Obama Administration Waives Human Rights Sanctions on Uzbekistan Despite Lack of Progress on Child Labor, Other Human Rights Problems
On January 18, Secretary of State Clinton exercised the authority Congress granted the Administration late last year to waive human rights-related sanctions on the provision of security assistance to Uzbekistan. You can watch State Department spokesman Victoria Nuland explain the decision. Asked if it represented a “free pass” to the Uzbek government on its atrocious human rights record, Nuland rejected the notion, saying that Secretary Clinton had discussed U.S. concerns with President Karimov during a recent visit to Tashkent.
Nuland went on to say that in Dushanbe the day before that meeting, the Secretary spoke out in public about U.S. concerns regarding the human rights situation in Tajikistan. What Nuland didn’t say was that Mrs. Clinton made NO such public remarks while in Uzbekistan.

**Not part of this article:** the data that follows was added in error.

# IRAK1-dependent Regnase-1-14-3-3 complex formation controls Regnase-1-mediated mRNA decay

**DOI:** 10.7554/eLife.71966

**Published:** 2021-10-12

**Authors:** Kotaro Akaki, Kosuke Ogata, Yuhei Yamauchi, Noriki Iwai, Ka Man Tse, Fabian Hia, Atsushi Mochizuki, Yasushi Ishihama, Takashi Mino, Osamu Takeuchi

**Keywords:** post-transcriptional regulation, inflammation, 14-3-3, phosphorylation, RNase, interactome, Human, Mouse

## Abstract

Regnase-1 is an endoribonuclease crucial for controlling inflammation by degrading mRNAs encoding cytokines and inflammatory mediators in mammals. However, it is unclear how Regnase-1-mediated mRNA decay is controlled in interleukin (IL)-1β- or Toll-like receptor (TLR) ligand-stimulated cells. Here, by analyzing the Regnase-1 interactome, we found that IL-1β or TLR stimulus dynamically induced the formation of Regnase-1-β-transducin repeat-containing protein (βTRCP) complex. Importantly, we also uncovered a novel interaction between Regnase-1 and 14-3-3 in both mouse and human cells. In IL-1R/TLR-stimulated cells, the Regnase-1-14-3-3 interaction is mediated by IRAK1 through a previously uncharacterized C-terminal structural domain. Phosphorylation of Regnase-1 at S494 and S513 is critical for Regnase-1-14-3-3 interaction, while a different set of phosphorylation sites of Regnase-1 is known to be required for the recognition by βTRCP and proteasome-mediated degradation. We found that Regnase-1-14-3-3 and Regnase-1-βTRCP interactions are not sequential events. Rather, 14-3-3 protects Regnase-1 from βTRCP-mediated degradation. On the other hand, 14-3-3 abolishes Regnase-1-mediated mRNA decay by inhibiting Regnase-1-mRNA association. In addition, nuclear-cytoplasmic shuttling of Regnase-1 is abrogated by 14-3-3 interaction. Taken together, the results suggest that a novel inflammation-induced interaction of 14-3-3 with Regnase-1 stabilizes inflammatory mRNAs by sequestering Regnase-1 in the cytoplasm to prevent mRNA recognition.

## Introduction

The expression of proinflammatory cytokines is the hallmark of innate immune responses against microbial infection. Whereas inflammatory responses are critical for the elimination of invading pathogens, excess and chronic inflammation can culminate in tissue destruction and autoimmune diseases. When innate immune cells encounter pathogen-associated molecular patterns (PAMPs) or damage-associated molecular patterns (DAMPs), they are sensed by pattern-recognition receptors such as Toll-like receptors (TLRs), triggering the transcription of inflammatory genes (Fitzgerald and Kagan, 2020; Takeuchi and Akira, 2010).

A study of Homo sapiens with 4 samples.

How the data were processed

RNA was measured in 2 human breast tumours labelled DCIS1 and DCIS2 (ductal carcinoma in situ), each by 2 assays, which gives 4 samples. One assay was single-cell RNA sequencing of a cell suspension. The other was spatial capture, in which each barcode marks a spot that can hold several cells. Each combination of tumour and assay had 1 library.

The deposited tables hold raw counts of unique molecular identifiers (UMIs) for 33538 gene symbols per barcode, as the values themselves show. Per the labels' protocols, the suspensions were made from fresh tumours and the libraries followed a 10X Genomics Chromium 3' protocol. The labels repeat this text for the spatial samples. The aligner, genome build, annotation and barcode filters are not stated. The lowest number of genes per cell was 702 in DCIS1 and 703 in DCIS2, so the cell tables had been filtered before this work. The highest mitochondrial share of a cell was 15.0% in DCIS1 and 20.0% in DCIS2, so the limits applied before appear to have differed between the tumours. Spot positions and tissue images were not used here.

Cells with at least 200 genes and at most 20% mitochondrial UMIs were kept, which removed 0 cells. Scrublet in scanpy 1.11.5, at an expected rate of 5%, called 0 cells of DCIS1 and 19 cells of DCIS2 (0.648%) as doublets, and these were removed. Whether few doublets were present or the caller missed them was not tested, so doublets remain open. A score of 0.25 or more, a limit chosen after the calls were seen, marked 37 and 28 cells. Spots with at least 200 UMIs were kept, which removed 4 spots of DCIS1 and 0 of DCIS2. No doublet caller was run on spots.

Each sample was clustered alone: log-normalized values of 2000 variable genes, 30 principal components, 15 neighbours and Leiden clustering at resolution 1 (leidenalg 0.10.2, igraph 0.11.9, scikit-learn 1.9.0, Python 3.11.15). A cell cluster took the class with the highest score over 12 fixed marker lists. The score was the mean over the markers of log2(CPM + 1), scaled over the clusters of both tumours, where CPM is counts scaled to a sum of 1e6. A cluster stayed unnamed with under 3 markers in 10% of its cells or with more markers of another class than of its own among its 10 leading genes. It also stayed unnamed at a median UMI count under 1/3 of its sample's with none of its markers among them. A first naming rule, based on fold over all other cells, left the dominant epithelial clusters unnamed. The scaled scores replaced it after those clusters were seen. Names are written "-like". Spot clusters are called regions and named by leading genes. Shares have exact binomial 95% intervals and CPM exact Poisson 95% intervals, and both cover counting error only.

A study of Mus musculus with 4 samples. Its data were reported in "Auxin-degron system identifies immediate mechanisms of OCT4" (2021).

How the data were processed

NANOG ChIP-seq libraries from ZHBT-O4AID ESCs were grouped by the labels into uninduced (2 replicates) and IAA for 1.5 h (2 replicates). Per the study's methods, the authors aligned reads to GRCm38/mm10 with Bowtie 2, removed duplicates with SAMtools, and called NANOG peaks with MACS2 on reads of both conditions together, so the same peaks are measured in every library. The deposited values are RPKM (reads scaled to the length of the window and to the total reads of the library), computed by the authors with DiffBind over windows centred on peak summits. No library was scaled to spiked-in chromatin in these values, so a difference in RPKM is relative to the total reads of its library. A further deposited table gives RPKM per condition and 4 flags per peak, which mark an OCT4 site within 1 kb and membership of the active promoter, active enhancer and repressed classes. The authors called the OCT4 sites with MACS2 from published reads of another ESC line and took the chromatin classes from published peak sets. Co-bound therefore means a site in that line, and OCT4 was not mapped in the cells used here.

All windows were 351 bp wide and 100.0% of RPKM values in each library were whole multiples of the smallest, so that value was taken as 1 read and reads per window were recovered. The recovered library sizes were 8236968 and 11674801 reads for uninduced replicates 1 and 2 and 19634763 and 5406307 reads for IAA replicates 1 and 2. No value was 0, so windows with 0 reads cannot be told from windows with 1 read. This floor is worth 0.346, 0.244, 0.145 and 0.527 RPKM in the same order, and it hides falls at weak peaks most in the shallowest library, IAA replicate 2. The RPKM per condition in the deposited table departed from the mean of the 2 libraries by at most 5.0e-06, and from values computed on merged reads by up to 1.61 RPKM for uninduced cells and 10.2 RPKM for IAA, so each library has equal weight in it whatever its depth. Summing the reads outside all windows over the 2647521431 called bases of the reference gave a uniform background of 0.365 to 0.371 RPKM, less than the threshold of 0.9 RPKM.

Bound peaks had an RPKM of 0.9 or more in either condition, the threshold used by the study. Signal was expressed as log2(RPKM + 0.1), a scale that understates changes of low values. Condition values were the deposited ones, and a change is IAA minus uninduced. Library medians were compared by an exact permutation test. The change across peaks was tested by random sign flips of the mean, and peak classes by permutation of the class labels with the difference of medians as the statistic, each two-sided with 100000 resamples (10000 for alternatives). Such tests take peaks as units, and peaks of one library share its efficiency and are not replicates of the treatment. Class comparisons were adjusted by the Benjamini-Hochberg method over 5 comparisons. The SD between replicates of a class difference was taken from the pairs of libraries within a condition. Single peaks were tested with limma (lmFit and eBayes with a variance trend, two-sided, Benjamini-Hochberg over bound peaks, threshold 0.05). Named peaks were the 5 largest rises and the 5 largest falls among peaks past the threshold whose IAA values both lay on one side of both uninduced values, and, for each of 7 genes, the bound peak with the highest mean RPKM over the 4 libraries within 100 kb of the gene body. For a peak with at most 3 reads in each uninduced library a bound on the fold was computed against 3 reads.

The State Department justified invoking the waiver as being in the U.S. national interest, apparently because of the need to grease the skids for greater Uzbek government cooperation with the Northern Distribution Network, which is now the only over-ground route the U.S. has to bring supplies to troops in Afghanistan. We can’t say for sure, however, because the justification Clinton sent to Congress was classified. It did come with an unclassified – and Congressionally-mandated – analysis of human rights conditions in Uzbekistan. According to that analysis, the use of forced adult and child labor remains systematic during Uzbekistan’s cotton harvest, when “many thousands of schoolchildren, university students, and teachers, among others, are required to work in the fields as a result of government mobilization.”